Round 2 hews closer to comicbook origins

It’s not easy being green. It’s not easy being green, size XXXXXL and in need of massive doses of Celexa. And then there are all the expectations. The box office projections. The marketing. The promotion. Such pressure! Arrrgh. Hulk smash building now….!!

It’s not easy, either, for those around “The Incredible Hulk,” whose efforts to bring back the big green Marvel-ous character for the second time in five years has been the subject of second-guessing, innuendo and endless questions. To which there has been no shortage of responses.

“I’ve got two very good answers and it’s a question I’ve been getting for two and a half years,” says Kevin Feige, head of production at Marvel. “Quite simply, Hulk is the second-biggest character in the Marvel pantheon next to Spider-Man, and there’s a heck of a lot of Hulk stories to tell. If we told 1% of the Hulk mythos in Ang Lee’s ‘Hulk,’ this is the beginning of telling the other 99%.”

The other essential element, he says, was articulated, frequently, by producer Gale Anne Hurd.

“Gale used one term a lot during development,” Feige says. “‘Wish fulfillment.’ And what that means is Hulk-as-hero, the wish fulfillment of finding a strength you didn’t know you had and being able to tap into that strength at just the right moment, when you’re being overpowered by the bullies who are pushing you into a corner. And even though you’re warning them to stay away, they keep on coming. And then the Hulk bursts forth to take care of business.”

For all the kinetic energy emanating from “The Incredible Hulk,” there’s a delicate dance of diplomacy being done regarding the Ang Lee-helmed “Hulk” of 2003. Hurd, perhaps, treads lightest around the Hulk gap.

“Well, you know, if you go online, which we do, there are rabid fans of the first film,” she explains. “Many people who love the movie feel it’s one of the best superhero comicbook adaptations ever made. It stands alone. It’s not like any other superhero adaptation. But at the same time, there were fans who felt it was not as tried and true a representation of the Hulk as it could be.”

Adds director Louis Leterrier: “There was not enough Hulk in the movie. I think that’s what was missing. If I were a 13-year-old boy, I wouldn’t have understood a single thing.”

Feige says the new Hulk will have a “heavy, heavy seasoning of the emotionality of the television series,” which has also been talked about as an element absent from Lee’s Eric Bana/Jennifer Connelly film version.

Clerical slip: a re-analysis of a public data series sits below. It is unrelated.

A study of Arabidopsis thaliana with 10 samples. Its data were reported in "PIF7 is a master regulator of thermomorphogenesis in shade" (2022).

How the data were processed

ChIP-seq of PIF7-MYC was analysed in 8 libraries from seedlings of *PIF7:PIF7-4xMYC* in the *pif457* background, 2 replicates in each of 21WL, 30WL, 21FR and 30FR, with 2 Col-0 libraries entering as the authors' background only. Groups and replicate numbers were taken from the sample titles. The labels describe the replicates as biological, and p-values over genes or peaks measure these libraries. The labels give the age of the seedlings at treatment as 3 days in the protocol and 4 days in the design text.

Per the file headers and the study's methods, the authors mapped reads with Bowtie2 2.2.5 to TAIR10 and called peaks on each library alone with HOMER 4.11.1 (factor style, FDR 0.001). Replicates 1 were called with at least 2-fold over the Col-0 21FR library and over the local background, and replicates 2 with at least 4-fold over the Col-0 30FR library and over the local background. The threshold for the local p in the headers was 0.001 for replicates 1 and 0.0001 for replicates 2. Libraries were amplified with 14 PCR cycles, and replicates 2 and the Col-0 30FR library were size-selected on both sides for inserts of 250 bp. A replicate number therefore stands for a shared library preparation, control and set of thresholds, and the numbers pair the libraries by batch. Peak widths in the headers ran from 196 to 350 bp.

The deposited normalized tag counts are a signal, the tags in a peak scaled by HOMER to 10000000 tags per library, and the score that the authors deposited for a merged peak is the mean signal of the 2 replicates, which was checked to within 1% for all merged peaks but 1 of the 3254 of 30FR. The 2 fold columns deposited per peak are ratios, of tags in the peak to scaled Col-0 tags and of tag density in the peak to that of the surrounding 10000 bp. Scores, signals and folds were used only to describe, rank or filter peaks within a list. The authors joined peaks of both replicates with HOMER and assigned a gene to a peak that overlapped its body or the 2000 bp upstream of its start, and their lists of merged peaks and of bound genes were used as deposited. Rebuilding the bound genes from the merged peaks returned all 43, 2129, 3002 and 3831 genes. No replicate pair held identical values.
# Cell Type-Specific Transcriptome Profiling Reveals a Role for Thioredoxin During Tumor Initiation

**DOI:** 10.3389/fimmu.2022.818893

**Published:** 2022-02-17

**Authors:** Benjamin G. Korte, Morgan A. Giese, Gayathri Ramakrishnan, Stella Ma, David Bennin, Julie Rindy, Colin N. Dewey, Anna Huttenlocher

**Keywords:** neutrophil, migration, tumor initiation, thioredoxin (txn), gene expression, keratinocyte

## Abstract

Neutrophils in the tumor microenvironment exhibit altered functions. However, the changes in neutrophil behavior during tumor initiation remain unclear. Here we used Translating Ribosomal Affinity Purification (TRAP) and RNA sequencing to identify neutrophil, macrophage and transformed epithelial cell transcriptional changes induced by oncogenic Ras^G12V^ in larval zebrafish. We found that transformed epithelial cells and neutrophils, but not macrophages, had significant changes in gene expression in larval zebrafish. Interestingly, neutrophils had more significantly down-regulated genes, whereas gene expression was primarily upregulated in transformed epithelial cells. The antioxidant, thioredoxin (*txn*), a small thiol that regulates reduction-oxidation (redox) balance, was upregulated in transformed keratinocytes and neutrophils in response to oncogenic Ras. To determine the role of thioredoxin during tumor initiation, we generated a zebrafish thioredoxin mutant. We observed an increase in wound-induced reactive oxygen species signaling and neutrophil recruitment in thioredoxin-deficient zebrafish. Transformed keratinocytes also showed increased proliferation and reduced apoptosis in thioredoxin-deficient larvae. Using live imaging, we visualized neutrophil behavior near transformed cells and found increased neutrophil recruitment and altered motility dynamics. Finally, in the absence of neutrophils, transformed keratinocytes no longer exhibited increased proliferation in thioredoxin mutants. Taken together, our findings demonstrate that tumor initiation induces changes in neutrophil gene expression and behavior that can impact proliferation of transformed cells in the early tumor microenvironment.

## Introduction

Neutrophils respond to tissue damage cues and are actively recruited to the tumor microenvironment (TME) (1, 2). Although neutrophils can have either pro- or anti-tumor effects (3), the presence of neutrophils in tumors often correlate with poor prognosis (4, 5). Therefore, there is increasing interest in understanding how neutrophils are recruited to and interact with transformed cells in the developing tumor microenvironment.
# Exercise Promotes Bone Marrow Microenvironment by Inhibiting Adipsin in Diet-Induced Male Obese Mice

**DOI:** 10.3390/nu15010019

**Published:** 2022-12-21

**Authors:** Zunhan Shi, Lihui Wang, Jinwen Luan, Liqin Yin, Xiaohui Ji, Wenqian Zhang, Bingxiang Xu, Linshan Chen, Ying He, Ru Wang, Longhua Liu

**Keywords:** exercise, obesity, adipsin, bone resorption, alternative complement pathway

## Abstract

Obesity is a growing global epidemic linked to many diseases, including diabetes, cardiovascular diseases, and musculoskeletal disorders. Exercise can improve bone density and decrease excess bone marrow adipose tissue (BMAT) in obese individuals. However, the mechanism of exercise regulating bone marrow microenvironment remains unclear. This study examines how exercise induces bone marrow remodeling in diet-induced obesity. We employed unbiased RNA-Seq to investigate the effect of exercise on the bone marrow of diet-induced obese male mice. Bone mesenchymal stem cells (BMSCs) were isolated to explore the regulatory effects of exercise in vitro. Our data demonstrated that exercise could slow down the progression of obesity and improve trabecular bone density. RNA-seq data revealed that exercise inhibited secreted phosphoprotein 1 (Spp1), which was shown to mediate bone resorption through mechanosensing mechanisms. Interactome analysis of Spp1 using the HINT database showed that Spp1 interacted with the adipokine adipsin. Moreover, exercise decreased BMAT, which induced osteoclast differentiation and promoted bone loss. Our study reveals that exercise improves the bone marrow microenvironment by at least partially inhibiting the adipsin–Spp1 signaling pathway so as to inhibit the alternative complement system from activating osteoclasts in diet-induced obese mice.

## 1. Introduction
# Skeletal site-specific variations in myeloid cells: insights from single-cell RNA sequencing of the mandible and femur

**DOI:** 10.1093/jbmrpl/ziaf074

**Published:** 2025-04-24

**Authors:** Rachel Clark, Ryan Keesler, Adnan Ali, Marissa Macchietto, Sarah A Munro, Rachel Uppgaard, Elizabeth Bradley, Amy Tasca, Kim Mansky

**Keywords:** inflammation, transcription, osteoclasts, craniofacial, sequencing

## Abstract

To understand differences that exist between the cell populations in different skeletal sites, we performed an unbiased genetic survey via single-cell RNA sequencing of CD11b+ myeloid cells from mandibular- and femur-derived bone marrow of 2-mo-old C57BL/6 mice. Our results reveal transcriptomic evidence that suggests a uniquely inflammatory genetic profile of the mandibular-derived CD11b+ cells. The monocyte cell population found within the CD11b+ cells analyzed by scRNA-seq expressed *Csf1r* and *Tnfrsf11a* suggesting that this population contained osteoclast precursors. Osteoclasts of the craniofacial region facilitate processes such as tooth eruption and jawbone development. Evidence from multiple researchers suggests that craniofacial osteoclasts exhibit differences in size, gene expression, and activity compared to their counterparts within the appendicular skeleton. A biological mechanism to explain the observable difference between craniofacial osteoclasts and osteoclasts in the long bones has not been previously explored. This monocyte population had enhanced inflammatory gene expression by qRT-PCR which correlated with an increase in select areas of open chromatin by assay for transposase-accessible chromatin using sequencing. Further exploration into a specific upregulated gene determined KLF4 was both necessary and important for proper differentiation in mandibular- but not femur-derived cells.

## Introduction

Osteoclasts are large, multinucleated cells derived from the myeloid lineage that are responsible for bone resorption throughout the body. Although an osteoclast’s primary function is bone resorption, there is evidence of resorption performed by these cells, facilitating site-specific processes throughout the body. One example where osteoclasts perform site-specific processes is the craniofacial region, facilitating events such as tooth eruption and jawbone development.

The new film will be a synthesis of the old CBS TV show and the Ang Lee film. “The elements of the TV show that really worked was the lonely man on the run, the haunted man,” says Hurd. “But it didn’t have the elements of Betty, and it didn’t have General Ross, it didn’t have the components that are so essential to the comics. And it didn’t have a strong villain.”

Tim Roth steps into that role, as Emil Blonsky, aka the Abomination. “I sort of laid my body across the tracks and said ‘I want Tim Roth,'” Leterrier says. Given that Roth is uh … mature, British and short, did Hurd take some convincing?

“A little bit,” he laughs. “But she was not the toughest one to convince. The Marvel boys were tougher. Gale, she understands. She’s hasn’t made the safest casting choices in her career. She was always right, but she always found the kooky one. She was telling me they originally wanted O.J. Simpson to play the Terminator. I said, ‘I think you made the right choice, picking Arnold.'”

The choice of Edward Norton as the Hulk wasn’t debated, although the blowback after all the online gossip about dissension in the ranks “soured the mood” in post-production, according to Leterrier. “The office was very small,” he says, “and it was kind of weird ’cause we were all in the same room saying, ‘So … you’re furious at me? And you hate him?'”

“It was disheartening to have people discussing not the movie but what may or may not have happened behind the scenes,” Feige says. Arguments, disagreements, he explains, “have been a part of every movie I’ve been involved with, and it’s almost always for the betterment of the movie itself.”    

Hurd, having been through the trench warfare of movie productions for more than a quarter century, knows enough to know what to ignore. “Nothing’s ever simple, but when there’s a sensational story, that’s what sticks is the headline,” she says. The far more important questions are, she adds, “What is the movie? What’s the best way to tell the movie? What’s the best version of the story? That’s a process you discover.”